Publications

Mycophagous soil bacteria

Rudnick, M.B.

Summary

Abstract

Soil microorganisms evolved several strategies to compete for limited nutrients in soil. Bacteria of the genus Collimonas developed a way to exploit fungi as a source of organic nutrients. This strategy has been termed “mycophagy”. In this thesis, research is presented with a focus on two aspects of bacterial mycophagy: 1) Investigation of strategies and traits that are important for Collimonas bacteria to enable a mycophagous lifestyle, 2) Investigation of occurrence of mycophagy among other soil bacteria.

Focusing on Collimonas bacteria, we find that several traits related to the mycophagous interaction with the fungal hosts, such as production of fungal inhibitors, are phylogenetically conserved. This implies that differentiation in lifestyles of Collimonas strains, is corresponding with phylogenetic distance. Furthermore, we show that collimonads are very motile in a soil-like matrix, especially when being confronted with low nutrient concentrations. This high motility can be used in order to effectively move towards oxalic acid (a metabolite exuded by a range of fungi for different purposes) in a concentration depended manner. Our results suggest that directed motility is an important trait, characterizing the mycophagous lifestyle of collimonads.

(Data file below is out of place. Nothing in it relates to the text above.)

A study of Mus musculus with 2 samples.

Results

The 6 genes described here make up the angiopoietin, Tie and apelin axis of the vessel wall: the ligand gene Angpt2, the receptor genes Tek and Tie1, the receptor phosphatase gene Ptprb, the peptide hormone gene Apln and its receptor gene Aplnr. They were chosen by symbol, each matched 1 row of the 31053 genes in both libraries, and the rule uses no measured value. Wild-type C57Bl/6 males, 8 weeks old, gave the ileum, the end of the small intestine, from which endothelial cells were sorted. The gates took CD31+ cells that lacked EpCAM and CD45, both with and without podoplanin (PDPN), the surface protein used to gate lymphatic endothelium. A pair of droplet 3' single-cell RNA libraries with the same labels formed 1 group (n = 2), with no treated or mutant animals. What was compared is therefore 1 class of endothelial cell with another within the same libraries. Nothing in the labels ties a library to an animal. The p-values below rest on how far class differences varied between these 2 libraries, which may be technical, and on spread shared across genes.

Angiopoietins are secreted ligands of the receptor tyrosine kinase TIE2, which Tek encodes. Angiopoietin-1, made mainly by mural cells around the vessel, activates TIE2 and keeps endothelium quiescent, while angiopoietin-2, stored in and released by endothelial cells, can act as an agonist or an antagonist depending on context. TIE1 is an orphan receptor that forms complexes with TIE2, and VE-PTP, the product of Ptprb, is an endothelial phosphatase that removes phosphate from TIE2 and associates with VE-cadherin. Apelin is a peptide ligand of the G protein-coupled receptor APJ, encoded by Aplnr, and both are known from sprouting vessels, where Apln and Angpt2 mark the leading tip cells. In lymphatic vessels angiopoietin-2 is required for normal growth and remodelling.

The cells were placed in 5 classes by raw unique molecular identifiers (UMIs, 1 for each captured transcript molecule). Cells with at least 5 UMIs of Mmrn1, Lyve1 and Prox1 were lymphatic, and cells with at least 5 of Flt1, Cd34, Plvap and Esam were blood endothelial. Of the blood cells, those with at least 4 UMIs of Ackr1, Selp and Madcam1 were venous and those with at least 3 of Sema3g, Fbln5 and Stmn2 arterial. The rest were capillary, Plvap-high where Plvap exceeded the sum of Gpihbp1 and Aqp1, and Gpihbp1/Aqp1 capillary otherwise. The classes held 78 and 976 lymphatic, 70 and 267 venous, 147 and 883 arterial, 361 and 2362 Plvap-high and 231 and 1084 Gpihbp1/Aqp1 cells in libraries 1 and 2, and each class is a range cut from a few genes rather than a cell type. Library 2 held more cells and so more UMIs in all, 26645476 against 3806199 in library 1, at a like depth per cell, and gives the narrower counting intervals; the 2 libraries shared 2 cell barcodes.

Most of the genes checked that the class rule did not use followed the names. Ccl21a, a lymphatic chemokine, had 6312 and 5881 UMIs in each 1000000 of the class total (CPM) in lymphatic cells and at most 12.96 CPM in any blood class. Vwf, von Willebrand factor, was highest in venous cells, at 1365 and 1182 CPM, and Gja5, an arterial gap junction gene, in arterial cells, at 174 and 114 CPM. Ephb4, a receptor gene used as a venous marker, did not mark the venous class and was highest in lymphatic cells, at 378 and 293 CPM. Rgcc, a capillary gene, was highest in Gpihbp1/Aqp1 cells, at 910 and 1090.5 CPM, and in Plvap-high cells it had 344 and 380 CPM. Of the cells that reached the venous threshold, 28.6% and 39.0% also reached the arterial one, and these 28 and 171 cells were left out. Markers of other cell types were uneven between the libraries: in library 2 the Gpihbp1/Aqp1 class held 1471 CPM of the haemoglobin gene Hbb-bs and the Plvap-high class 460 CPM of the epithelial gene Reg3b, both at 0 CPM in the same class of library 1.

In order to screen for other mycophagous bacteria besides collimonads, two baiting approaches (long- and short-term) were developed. With both approaches, we find fungal hyphae to be commonly colonized by specific communities of rhizosphere mycophagous bacteria. Furthermore, mycophagous colonizers show clear feeding preferences for fungal hosts. Interestingly, a surprisingly high amount of mycophagous bacteria belong to genera well known to harbor plant pathogenic strains. Considering the importance of mycophagous bacteria in the rhizosphere, we finally propose the “Sapro-Rhizosphere” concept. This concept states that a substantial amount of plant derived carbon that is channeled through rhizosphere fungi (primary consumers) might be finally consumed by mycophagous bacteria (secondary consumers).

Taken together, by using molecular biological as well as microbiological methods, this thesis further extends our knowledge on the ecology of mycophagous Collimonas bacteria and highlights the importance of mycophagous bacteria in the rhizosphere.